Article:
Traffic on the Toronto-bound Q.E.W.

Province to borrow for infrastructure

Hospitals, highways, transit targeted


The Ontario government plans to borrow up to $3 billion from the private sector toward the $30 billion the province plans to spend over five years to build hospitals, schools and highways.

Likening it to a mortgage that helps you buy now while stretching payments over 40 or even 60 years, Public Infrastructure Renewal Minister David Caplan yesterday said his “ReNew Ontario” plan would lead to a “renaissance for public infrastructure.”

How Ontario will spend $30 billion on schools, hospitals and transport

EDUCATION ($10 billion)

  • $4 billion to school boards to address the backlog of repairs and new school construction.
  • $1.5 billion to boards for ongoing renewal of school facilities.
  • $540 million to renew university and college facilities.
  • $600 million for a major expansion of medical and graduate schools.

HEALTH ($5 billion)

  • Funding to start or complete 105 hospital projects that will expand and upgrade hospitals and build new ones.
  • Over $150 million over five years to improve cancer treatment and diagnostic facilities.
  • The number of doctors graduating will increase by 15 per cent starting in 2011-12.

TRANSPORTATION ($11.4 billion)

  • $454 million for Highway 401.
  • 22 new highway projects focused on areas with traffic and safety issues.
  • $3.1 billion invested in transit, including GO Transit and the TTC.


  • $1 billion for clean water initiatives.
  • $600 million for new Ontario affordable housing.

Caplan said years of neglect have left the province with a $100 billion infrastructure gap. And with the population expected to grow by four million over the next 25 years, he said the time has come for repairs.

“We have to make sure we have the schools, the hospitals, the highways, the public transit … and wastewater systems these people will require,” Caplan said.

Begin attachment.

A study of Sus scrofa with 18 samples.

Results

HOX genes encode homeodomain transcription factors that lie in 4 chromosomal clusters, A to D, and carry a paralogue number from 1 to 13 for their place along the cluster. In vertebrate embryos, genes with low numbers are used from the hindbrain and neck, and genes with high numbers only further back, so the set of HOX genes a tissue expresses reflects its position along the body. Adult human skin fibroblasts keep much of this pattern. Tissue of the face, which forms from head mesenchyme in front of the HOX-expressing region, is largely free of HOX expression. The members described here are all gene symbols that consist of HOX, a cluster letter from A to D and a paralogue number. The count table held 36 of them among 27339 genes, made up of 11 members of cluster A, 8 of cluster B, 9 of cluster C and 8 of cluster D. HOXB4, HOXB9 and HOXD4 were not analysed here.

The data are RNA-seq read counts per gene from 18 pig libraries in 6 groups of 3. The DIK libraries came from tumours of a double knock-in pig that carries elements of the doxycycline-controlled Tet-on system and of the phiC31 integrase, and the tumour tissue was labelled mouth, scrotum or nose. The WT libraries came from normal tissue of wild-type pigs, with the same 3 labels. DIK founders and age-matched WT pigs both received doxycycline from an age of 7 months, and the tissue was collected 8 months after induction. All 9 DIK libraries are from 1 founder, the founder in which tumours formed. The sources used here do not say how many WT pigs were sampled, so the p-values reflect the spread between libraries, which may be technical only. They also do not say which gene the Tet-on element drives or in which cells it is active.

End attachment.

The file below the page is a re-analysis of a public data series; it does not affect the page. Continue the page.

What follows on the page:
By 2010, Ontario will spend more than $30 billion on public infrastructure, including:

  • $5 billion for health care, including 105 hospital projects.

  • More than $10 billion to improve education facilities.

  • About $11.4 billion to improve public transit, highways and border crossings.

Of the total, the Greater Golden Horseshoe, from Peterborough to Niagara Falls, will receive $7.5 billion, including:

  • $4.1 billion for improvements to GO Transit, the TTC and other local transit.

  • $1.6 billion for 40 hospital projects.

  • $600 million for courts, jails and other justice facilities.

Conservative Leader John Tory criticized the plan as light on specifics, such as which hospital projects are proceeding, and a rehash of old announcements.

“I’m not very impressed they’ve tried to pass off these old announcements as new plans,” said Tory. “There’s much less to this than meets the eye.”

Caplan acknowledged most of the projects had been previously announced, but said his ReNew Ontario program identifies changes to accounting methods and guiding principles for approving project funding and finding private partners.

Caplan said the government will now amortize assets over their lifetimes, rather than pay for them all at once. The cost of a $100 million building, for example, could show up on the province’s books as annual expenditures of $2.5 million over 40 years.

As for guiding principles, he said public need and public ownership would always be paramount.

But he added that leveraging private-sector investment — perhaps from pension funds interested in long-term results — provides a means to quickly begin modernizing hospitals that average 40 years of age, schools and highways.

NDP Leader Howard Hampton accused the Liberals of privatizing public infrastructures “by stealth.” He argued private-sector companies demand big profits and have higher borrowing costs.

The plan borrows from a U.K. model. Caplan said 88 per cent of works projects with private sector involvement in the U.K. were on time and on budget because the private sector was on the hook for cost overruns.